By Kevin Sinclair, Minister to Youth
I have a confession to make: I love being a Christian.
I know what you are thinking, “But Kevin, we live in a Post-Christian society and culture where ‘religion’ is out and ‘spirituality’ is in!” I mean, you DO have a point, reader of the blog, but that doesn’t change the fact that, when we (as the Community of Christ…the Church) are a force with which to be reckoned. We have created countless programs and institutions to care fo the poor, sick, broken-hearted, and lost in our world. The Church has discipled people like Martin Luther King, Lottie Moon, Desmond Tutu, Dietrich Bonhoeffer, Albert Schweitzer, Mother Teresa, my grandmother, and so many more countless saints. Obviously, when we are at our worst we can get pretty mean, violent, greedy, and evil, but oftentimes our fallenness overcomes the God-imaged-ness with which we were endowed as human beings…and you know what they say about the biggest problem in church…it’s full of humans! But, I digress.
I love my religion, and I am proud to admit it. This doesn’t mean I need to bash, hate, or ignore other people’s religions to feel better about my own. Obviously, there are wonderful, beautiful things to be learned from each other. The Hindus teach us an appreciation and value for all created things that we often forget when we become so “Heaven-bound” that we forget our responsibilities and incarnational presence here on earth to care for God’s good creation. From Muslims we learn discipline and the sacred importance of remembrance and gratitude. My favorite lesson I learned in my world religions class was the reason why the faithful Muslim prays five times a day–to be reminded that all good gifts come from God. Muhammad taught that not pride or love of money, but forgetfulness is the root of all human evil, because when we forget who the Giver of all things is we begin to hoard, abuse, or exploit. But again, I digress.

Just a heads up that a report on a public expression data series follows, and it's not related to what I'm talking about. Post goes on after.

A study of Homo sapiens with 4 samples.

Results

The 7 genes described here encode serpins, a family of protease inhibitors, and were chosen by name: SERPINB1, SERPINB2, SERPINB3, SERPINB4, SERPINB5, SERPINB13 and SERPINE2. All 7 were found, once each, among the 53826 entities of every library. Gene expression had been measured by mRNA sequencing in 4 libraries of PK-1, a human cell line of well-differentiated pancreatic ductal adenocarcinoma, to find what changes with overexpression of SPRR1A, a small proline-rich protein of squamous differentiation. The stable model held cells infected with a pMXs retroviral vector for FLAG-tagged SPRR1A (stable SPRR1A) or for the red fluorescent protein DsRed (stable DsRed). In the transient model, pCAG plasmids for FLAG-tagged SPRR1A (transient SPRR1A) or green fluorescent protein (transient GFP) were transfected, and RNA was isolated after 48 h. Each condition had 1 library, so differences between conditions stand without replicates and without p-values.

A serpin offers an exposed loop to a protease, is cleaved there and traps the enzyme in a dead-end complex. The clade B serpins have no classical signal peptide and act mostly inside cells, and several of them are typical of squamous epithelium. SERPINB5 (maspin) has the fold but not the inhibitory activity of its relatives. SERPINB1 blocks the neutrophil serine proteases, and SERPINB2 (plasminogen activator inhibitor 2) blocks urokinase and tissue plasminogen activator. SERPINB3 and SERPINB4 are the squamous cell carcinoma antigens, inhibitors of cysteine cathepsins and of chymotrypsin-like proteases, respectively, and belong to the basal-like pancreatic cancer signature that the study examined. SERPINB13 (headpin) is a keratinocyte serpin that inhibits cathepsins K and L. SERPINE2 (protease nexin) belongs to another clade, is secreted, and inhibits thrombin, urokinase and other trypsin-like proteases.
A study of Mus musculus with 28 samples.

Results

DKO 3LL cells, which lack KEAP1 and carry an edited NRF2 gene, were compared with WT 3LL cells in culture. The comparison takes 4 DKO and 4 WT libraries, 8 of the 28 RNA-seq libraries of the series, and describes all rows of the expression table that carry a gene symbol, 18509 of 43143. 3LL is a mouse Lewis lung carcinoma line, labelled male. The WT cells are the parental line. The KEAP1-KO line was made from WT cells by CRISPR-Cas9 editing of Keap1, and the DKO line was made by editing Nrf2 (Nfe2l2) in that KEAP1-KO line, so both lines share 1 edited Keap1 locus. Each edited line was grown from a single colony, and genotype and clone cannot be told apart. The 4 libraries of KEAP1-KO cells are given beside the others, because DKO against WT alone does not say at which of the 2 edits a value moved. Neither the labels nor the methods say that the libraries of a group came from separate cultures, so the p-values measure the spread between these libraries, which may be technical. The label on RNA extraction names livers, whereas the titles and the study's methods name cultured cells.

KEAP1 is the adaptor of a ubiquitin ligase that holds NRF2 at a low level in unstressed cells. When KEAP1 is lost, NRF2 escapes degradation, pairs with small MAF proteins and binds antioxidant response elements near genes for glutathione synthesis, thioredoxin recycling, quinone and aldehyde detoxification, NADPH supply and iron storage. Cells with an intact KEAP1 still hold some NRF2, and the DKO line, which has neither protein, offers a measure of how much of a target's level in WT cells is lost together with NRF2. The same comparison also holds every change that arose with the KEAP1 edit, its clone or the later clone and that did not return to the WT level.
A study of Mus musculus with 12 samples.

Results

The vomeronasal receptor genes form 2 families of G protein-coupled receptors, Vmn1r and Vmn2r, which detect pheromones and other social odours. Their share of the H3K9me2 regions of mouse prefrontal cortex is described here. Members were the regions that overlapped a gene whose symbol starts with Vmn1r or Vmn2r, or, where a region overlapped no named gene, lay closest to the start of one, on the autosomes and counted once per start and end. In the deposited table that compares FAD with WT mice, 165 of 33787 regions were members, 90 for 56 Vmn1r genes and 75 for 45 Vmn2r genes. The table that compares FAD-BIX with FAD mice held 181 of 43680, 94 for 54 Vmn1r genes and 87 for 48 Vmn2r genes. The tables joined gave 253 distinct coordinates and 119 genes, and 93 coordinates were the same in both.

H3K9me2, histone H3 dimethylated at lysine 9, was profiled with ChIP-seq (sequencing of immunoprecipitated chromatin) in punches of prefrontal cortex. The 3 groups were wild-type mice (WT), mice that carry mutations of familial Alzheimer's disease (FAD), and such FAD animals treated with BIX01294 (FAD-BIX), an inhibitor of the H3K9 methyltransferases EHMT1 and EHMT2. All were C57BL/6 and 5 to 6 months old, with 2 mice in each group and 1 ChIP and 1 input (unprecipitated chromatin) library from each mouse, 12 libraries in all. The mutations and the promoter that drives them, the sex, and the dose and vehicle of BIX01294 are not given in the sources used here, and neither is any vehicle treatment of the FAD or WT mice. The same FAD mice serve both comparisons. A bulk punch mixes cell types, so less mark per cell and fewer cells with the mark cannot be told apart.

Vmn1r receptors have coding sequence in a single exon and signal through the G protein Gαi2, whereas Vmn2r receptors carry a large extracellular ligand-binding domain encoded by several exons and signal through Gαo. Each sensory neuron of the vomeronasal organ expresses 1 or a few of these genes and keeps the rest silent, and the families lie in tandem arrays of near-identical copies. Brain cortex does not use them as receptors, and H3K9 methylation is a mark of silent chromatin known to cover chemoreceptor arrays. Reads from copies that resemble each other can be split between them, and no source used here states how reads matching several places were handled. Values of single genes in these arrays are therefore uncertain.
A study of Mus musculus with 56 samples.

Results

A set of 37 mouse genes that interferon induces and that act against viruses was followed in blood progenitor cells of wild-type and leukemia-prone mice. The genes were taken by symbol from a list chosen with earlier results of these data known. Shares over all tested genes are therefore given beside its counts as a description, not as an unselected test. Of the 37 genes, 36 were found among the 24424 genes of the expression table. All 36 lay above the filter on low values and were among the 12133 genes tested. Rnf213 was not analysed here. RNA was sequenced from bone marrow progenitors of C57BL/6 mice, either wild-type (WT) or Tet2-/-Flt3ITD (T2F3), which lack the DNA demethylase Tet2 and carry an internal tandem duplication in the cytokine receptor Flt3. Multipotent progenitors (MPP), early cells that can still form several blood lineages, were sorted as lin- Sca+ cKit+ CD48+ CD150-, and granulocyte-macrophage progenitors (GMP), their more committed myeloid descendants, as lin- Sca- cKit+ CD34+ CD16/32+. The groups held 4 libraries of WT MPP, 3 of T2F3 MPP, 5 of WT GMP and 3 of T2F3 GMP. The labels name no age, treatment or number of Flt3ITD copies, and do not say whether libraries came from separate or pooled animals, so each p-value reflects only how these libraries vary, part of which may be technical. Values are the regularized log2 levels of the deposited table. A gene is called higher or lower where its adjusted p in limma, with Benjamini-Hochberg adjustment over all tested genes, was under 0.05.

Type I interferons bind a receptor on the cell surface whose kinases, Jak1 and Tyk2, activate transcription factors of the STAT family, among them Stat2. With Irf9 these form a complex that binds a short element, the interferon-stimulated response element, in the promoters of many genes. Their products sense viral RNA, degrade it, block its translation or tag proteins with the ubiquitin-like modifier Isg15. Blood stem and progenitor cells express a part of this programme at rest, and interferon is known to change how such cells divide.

What I love about the faith that we call “Christianity,” and being called a “Christian” (which literally means “Little Christ”), is that at the very core of our religious, theological, and communal identity is a symbol that embodies so much that I believe to be true and essential to Christian practice: the Trinity. It is in this word…this symbol…this reality, that we hear the confession from John’s first epistle: “God is love.” Love, by it’s very nature, requires a subject. Love needs expression. Love is a verb, so to speak. Eternally, God has existed in a trifolded community of love, intimacy, compassion, and honesty. The Community we share as humans is a shimmer of the divine Light that is the loving friendship of the Holy Trinity. But this love is not just some sugar-sweet, sentimental gobbledy-gook found embroidered on purses and tacky jewelry. At the heart of what we call “Orthodoxy” or the sacred traditions and teaching of our faith, is the confession that the God of the Universe, the One Source and Giver of all Good Gifts, the ineffable, majestic, mysterious God of Abraham and Sarah, Isaac and Rebecca, Jacob and all his ladies, is the very same God who “became” in our world as the poor son of a day laborer and a pregnant-out-of-wedlock teenager. Not only is the Transcendant Numinous Deity our God, but that God was please for all of God’s fullness to dwell in the one we call Jesus the Christ, Our Lord.
At the heart of our faith is not a doctrine or dogma, but a friendship…a relationship…a fellowship. Trinity is what we are to emulate here on earth…in our friendships…in our relationships…in our worship, fellowship, and community. We are called God we God’s people and to be God’s people means to love God with every single drop of heart, mind, spirit, soul, and strength you have, and to love your neighbor just as we love ourselves. You see, this is not just a command with nothing to back it up. Just as we are called to love, God within Godself IS in fact the eternal source of that very same love! So, as we together are the Body of Christ, not as disjointed, disinherited members, but as brothers and sisters united through the Holy Spirit, we become shimmers off the light of the world, reflecting God’s love to all those around us. No meaningless systematic theology. No useless dogma. No burdensome moral rule. Only the Crucifed and Risen Christ, sent from the Father, empowered by the Holy Spirit, calling us to love. May the Holy Trinity grant us all the courage and wisdom to be who we must be to share God’s love with the world.